There is an old maxim in appellate law that higher courts typically look for ways to decide cases on the narrowest of grounds rather than go out of their way to make sweeping changes in the law. That rule certainly seemed in place at the Supreme Court on Tuesday. In the oral argument in the much anticipated Tyson Foods v. Bouaphakeo case, the Court focused not on the broad class action issues that many had hoped, but upon the more narrow issue of representative proof in wage and hour cases. Such proof was validated by the Court some 69 years ago in Anderson v. Mount Clements Pottery Co. 328 U.S. 680 (1946).
Tyson had hoped to convince the Court that its case was akin to the situation in Wal-Mart v. Dukes 131 S. Ct. 2541 (2011) in that it was confronted with a “trial by formula” damage methodology in a class action certified over its employment practices. This approach was seemingly rejected by the Court in Wal-Mart. And shortly thereafter, the Court decided Comcast Corporation v. Behrend, 133 S.Ct. 1426 (2013), in which it added that class certification was not appropriate without careful consideration and analysis of whether individual issues – specifically damage questions – would overwhelm the common issues. According to the Court in Comcast, the damages model offered by the plaintiff must attribute the wrongful conduct of the defendant to the damage suffered, and the damages must be ascertainable.
Tyson was much anticipated since the certification requirements contemplated in Wal-Mart and in Comcast have been eroded at the lower courts through decisions that certified classes that included plaintiffs with no injuries or different damages, or where statistical sampling was used to supply average damages. The Supreme Court’s refusal to grant cert in those cases left the clarity of Wal-Mart and Comcast in doubt. The granting of cert in Tyson was widely viewed as the Court’s inclination to rein in lower courts. (See our previous post “Dow Chemical, Tyson Foods, Wal-Mart and Allstate Insurance: Will SCOTUS Clean Up its Class Action Mess?”)
Tyson Foods has asked the Court to review an 8th Circuit decision that affirmed a $6 million judgment to a class of workers alleging that Tyson did not fully pay them for time spent putting on and taking off protective equipment. Here the evidence showed that protective equipment and times varied across the class; the 8th Circuit allowed plaintiffs to model the time it took the "average" employee to dress and walk to and from his work station, ignoring there was no evidence offered to show that most – or even any class members – fit this model. Tyson argued that this approach was contrary to the Wal-Mart and Comcast decisions. In particular, Tyson cited the Court’s holding that a statistical sampling method of establishing damages and causation that deprives a defendant of its opportunity to contest each individual situation would preclude certification.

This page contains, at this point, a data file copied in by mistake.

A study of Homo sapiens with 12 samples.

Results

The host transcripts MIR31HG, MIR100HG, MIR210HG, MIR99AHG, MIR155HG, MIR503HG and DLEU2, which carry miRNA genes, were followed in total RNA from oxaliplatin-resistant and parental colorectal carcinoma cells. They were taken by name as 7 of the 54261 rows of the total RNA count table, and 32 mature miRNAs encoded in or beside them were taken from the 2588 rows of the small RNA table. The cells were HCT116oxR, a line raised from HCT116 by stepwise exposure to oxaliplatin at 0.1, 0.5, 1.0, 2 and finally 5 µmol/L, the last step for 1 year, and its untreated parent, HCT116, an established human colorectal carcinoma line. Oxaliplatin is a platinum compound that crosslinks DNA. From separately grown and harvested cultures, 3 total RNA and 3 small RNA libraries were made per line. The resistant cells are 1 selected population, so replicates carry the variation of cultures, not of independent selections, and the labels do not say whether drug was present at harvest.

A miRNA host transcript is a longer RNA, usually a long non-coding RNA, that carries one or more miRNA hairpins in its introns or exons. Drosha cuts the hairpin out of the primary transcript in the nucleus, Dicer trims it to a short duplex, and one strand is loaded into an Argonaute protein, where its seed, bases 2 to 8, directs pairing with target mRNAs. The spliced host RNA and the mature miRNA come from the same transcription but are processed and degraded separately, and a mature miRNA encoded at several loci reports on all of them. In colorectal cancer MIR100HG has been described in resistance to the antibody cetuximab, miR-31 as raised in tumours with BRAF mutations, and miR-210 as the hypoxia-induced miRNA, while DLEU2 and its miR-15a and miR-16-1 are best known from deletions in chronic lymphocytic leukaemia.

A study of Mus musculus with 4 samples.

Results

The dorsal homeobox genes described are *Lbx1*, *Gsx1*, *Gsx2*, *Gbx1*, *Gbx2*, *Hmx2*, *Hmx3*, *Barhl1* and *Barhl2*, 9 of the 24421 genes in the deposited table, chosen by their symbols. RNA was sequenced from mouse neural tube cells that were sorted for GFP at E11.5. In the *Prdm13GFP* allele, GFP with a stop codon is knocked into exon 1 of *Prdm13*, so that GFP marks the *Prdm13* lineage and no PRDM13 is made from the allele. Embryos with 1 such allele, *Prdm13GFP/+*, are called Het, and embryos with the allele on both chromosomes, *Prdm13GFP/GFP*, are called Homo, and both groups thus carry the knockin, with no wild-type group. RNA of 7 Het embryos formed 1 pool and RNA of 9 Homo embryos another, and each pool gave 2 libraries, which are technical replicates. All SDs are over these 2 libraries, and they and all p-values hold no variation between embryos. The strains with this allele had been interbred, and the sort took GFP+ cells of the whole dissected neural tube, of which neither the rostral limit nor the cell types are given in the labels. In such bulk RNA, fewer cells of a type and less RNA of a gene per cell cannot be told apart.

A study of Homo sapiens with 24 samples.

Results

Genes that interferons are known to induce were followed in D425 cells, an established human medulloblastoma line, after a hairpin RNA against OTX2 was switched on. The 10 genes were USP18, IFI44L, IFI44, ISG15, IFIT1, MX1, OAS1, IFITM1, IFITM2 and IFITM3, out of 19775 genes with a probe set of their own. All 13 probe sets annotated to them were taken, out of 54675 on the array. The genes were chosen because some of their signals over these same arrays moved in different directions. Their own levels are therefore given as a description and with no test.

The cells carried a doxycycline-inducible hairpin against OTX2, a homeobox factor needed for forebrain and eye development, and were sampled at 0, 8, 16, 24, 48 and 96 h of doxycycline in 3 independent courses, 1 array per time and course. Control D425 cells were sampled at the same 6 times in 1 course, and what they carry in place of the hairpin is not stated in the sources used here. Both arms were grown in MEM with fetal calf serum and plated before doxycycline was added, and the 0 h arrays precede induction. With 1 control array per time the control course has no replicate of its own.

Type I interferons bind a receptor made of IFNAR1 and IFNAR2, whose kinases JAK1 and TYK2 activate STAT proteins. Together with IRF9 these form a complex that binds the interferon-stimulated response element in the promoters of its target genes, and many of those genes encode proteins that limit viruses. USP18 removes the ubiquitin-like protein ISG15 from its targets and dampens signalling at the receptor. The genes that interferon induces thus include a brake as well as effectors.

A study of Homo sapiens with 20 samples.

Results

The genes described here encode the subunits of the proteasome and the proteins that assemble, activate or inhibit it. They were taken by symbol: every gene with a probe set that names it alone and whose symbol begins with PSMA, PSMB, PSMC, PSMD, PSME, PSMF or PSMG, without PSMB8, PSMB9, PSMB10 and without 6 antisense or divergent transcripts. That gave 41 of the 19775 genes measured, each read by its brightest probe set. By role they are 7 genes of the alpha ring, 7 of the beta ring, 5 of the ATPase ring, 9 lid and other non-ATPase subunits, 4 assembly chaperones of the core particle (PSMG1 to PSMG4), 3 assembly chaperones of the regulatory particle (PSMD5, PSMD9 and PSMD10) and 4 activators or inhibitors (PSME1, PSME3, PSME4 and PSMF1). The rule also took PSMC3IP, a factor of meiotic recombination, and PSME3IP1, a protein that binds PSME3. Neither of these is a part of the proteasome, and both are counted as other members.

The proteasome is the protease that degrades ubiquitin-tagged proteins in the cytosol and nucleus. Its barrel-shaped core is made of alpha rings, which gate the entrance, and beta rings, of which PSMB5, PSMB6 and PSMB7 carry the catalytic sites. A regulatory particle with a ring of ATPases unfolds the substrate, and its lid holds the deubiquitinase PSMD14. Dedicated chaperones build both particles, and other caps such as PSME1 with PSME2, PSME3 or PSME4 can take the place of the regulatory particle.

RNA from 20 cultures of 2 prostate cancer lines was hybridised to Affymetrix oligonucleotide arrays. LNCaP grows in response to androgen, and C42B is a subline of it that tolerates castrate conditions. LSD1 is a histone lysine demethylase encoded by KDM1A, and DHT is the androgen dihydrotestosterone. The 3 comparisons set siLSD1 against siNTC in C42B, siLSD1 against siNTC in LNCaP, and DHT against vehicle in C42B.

At oral argument, the justices didn’t really bring up its Wal-Mart decision. Justice Kagan instead stated she didn’t think the Tyson case was about Rule 23 at all, but that it really was about whether the evidence presented in the case met the Mount Clemons standard. Mount Clemons was a case about overtime pay law and was not a class action. While perhaps this was not a surprise from Justice Kagan, Justice Kennedy and Breyer also jumped in and focused on Mount Clemons as well. Breyer even read from Mount Clemons and pointedly asked Tyson’s lawyer: “What’s wrong with that?” Tyson’s argument that Mount Clemens was only about the how to establish the scope of damages, and not the kind of proof needed to establish certification, seemed to have been lost on the Court – this despite the Wal-Mart and Comcast rulings, in which the direction of the Court seemed so clear. Justices Alito and Roberts, again not surprisingly, were concerned about the differences among the class members, suggesting that they were concerned about the impact of Wal-Mart and Comcast.
The focus of the Court on Mount Clemens is troubling since that case had absolutely nothing to do with class certification. Indeed, in Mount Clemons, the critical issue was whether an employee could establish damages where the employer had not kept adequate wage and hour records. In that situation, the Mount Clemons court held that an “employee has carried out his burden if he proves that he has in fact performed work for which he was improperly compensated and if he produces sufficient evidence to show the amount and extent of that work as a matter of just and reasonable inference.” If so, according to Mount Clemons, the proof burden then shifts to the employer to negate the reasonableness of the inference.
Be that as it may, how to meet an evidentiary burden in a single case has very little to do with the Rule 23 predominance requirements. The fact that a single employee can establish damage doesn’t suggest anything about the uniformity of damages and damage situations across the putative class. The fact the Supreme Court didn’t focus on this latter issue strongly suggests that class certification will continue to be fluid and expanding.